Much is often made of being the best salesperson, or persuading the other party in a negotiation to conform to your every desire. However, not all negotiations are a zero sum game, requiring one party to lose exactly as much as the other party wins. In real estate negotiation, this is in fact very rarely the case. It is very uncommon for a lopsided negotiation the result of one intelligent and informed party persuading another intelligent and informed party to do something against their will. Much more common is the scenario in which a solution is created to solve a problem, and both parties come out ahead. That’s what we’ll be focusing on here.
There are 3 basic principles to adhere to when entering a real estate negotiation:
1: Know the problem
2: Ensure the other party commits to a structure first
3: Keep the negotiation alive
Know the Problem
All transactions take place because two parties wanted to change their status quo. Unlike financial markets though, the motivations for real estate transactions are not always as transparent. Buying at the lowest point and selling at the highest are not always the primary concern for transaction participants, there may be other things in play, such as the desire to live in a specific neighborhood or style of home. On the other side, the desire to sell a home may be driven by needing to pay off other expenses, increasing motivation beyond the desire to achieve the highest price. If this is the case, the driving factor in the negotiation is not price at all; it is a bill that needs to be paid. Finding out exactly how much that bill is, in a nice way, can go a long way towards getting the best result on the buyer side (the lowest price). Conversely, there might be a tax issue caused that either requires the buyer to close very quickly or the seller to prefer to take a deferred payment (carry back), having this flexibility as a buyer will allow the lowest possible price.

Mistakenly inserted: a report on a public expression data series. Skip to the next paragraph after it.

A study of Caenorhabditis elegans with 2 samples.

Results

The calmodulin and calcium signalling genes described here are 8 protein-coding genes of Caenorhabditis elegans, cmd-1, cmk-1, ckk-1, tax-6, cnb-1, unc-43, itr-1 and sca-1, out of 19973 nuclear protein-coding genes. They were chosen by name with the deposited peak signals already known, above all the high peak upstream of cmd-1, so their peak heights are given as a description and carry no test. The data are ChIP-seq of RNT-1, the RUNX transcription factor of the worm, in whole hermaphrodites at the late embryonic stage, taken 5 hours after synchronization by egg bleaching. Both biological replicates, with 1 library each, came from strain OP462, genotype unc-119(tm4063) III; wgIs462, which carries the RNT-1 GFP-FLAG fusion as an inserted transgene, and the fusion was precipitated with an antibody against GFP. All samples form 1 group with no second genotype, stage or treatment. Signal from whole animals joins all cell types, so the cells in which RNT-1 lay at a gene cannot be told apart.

First Mover Disadvantage
There are, unsurprisingly, many schools of thought on negotiation. While it is true that as a seller, you have a list price which theoretically anchors the real estate negotiation, it is also the case that both buyer and seller can force the other party to commit to a structure first, and that there is an advantage in doing so. As a seller, this is easy. Simply let the buyer make an offer, and if you are not comfortable with the structure, require (via a counter offer) that the buyer restructure their offer on more suitable terms. Notice, that while price is one of the issues to figure out in a negotiation, it certainly isn’t the only one. Many times too much of a focus on price will adversely affect other terms, such as who pays for services such as escrow, title, or repairs. As a buyer, it is trickier to make the seller commit first, but can be done. The approach that works best is to come up with an offer that is low enough that the seller must counter, but not so low that the seller is offended and ignores it completely. Striking this balance can be challenging, but the rewards make it very much worth trying for.
Keep the Real Esate Negotiation Going
This seems like a simple point, but it can often be difficult to remember during a contentious negotiation. No matter how badly you want something, and no matter how far apart you are from the other party, you are always closer to putting a deal together if talks remain open. It can be very tempting to respond with an emotional counter offer (taking only a nominal amount off the listing price, writing in all caps, etc), but anything that is done to antagonize the other party will usually come back in the form of a lost negotiation. So, whether you take the time to thoroughly respond to an offer you might think is frivolous, or call for clarification when there starts to be a disconnect as opposed to shutting of lines of communication, it can only help. This is one instance where a real estate negotiation is not a zero sum game, and everyone benefits if the negotiation continues.